Point/Counterpoint: Should MCPS extend Winter break?



Point: Jose Tovar

The MCPS school year lasts from September to June and spans nearly 10 months. The ability for students to learn and prepare for future academic programs is expanded with more time in the classroom. The long school year comfortably meets the state requirement of 180 days of instruction, which allows the school district to have a number of professional days and a few breaks throughout the year.

While the current school year schedule is dangerously close to not meeting the 180-day threshold and may be even more at risk with potential snow days, expanding the winter break by just a few days and potentially adding those on to the end of the year in June would probably be better for students.

Most exams and important units are wrapped up by the beginning of June, so if everything is delayed by a week to give students time to rest during the winter break, there would still be more than enough time to properly finish the school year by the middle of June as usually occurs.
The timing of the break also allows students to regroup and rest nearly halfway through the year which can allow them to prepare for the long weeks before spring break and the exam season. Considering that it would only be two weeks of school missed, it is unlikely that the length of the break would negatively impact the student’s academic performance. If anything, it is likely that the break would boost the students’ academic performance as they would return to school fresh off a two-week break and ready to tackle the remainder of the school year.

The most anticipated and important of these breaks is undoubtedly the 10-day winter break from Dec. 23 to Jan. 2. The break includes holidays like Christmas, New Years, Kwanzaa and the final days of Hanukkah. This break allows students of all backgrounds and cultures to enjoy time with family to celebrate different holidays and enjoy a short break from school.

While the break does take place in the middle of the second marking period, many students may feel the benefit from the break and may return with more energy to finish off the first semester of school. Winter break is not that long in comparison to Thanksgiving break and spring break, especially considering the amount of religious and cultural holidays that occur over its time frame. Extending it by simply four days would allow students to celebrate the end of many holiday festivities with more time to rest before returning to school.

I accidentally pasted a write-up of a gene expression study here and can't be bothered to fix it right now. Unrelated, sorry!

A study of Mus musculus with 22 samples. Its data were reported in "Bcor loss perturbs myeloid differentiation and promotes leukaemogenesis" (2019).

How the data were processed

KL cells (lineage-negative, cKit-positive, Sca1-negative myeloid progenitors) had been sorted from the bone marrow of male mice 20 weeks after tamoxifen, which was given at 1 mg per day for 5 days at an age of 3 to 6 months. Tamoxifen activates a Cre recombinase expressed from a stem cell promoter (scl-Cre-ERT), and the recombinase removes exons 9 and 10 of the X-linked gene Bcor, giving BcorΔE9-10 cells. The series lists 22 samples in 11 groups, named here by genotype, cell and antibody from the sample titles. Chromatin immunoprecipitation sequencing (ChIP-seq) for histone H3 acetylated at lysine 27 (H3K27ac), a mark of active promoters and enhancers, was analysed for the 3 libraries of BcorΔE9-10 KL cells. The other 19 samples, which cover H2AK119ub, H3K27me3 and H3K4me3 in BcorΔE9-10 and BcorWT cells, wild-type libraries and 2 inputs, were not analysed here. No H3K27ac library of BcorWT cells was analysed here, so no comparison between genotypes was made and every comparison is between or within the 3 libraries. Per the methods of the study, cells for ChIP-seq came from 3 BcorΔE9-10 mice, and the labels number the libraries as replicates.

Counterpoint: Blake Bailey

The importance of periodic breaks in the school year can not be overstated, giving students and faculty time to unwind promotes mental well-being. However, said breaks need limitations. Stretching from Dec. 23 to Jan. 2, the 10-day winter break is already testing the acceptable boundaries of aperture and any further extension would produce regrettable results.

Students tend to ease their feet off the gas as they dive into the fun-filled holiday season. Frank Milner, president of the acclaimed online tutoring service Tutor Doctor, refers to this crucial period as “the winter slide”. For MCPS, the timing of this slide could not be worse with the end of the second grading period and the first semester just around the corner.

“I think a break is always necessary, everyone needs it for their mental health, but I do think it should be capped at a week or, at max, 10 days, which is what our current winter break is… Students tend to lose motivation after being away from work for so long and they lose the routine… when you have an overly-long break, it’s just harder to get back in that groove,” Child Development teacher Hyun Yoo said.

While students should enjoy the time off, the 10 days of holiday celebrations and gatherings form a disconnect in memory retention and assigned student workload. For the impoverished, this disconnect could be exponentiated due to a lack of home support and school resources. Not to mention that more than the 300,000 Maryland students who rely on school-sanctioned meals go without school food for weeks.

The state of Maryland requires districts to provide at least 180 days of instruction, and in a county that cancels days at the lightest drop of ice or snow, it’s important to attend school when the weather permits. With the emergency closure on Nov. 28, MCPS is currently on track for 181 days of instruction. While expanding on the already generous 10 days off sounds good in theory, in practice, it could ultimately hurt grades, inhibit student access to food and decreases the length of other hiatus’, such as spring break or summer vacation.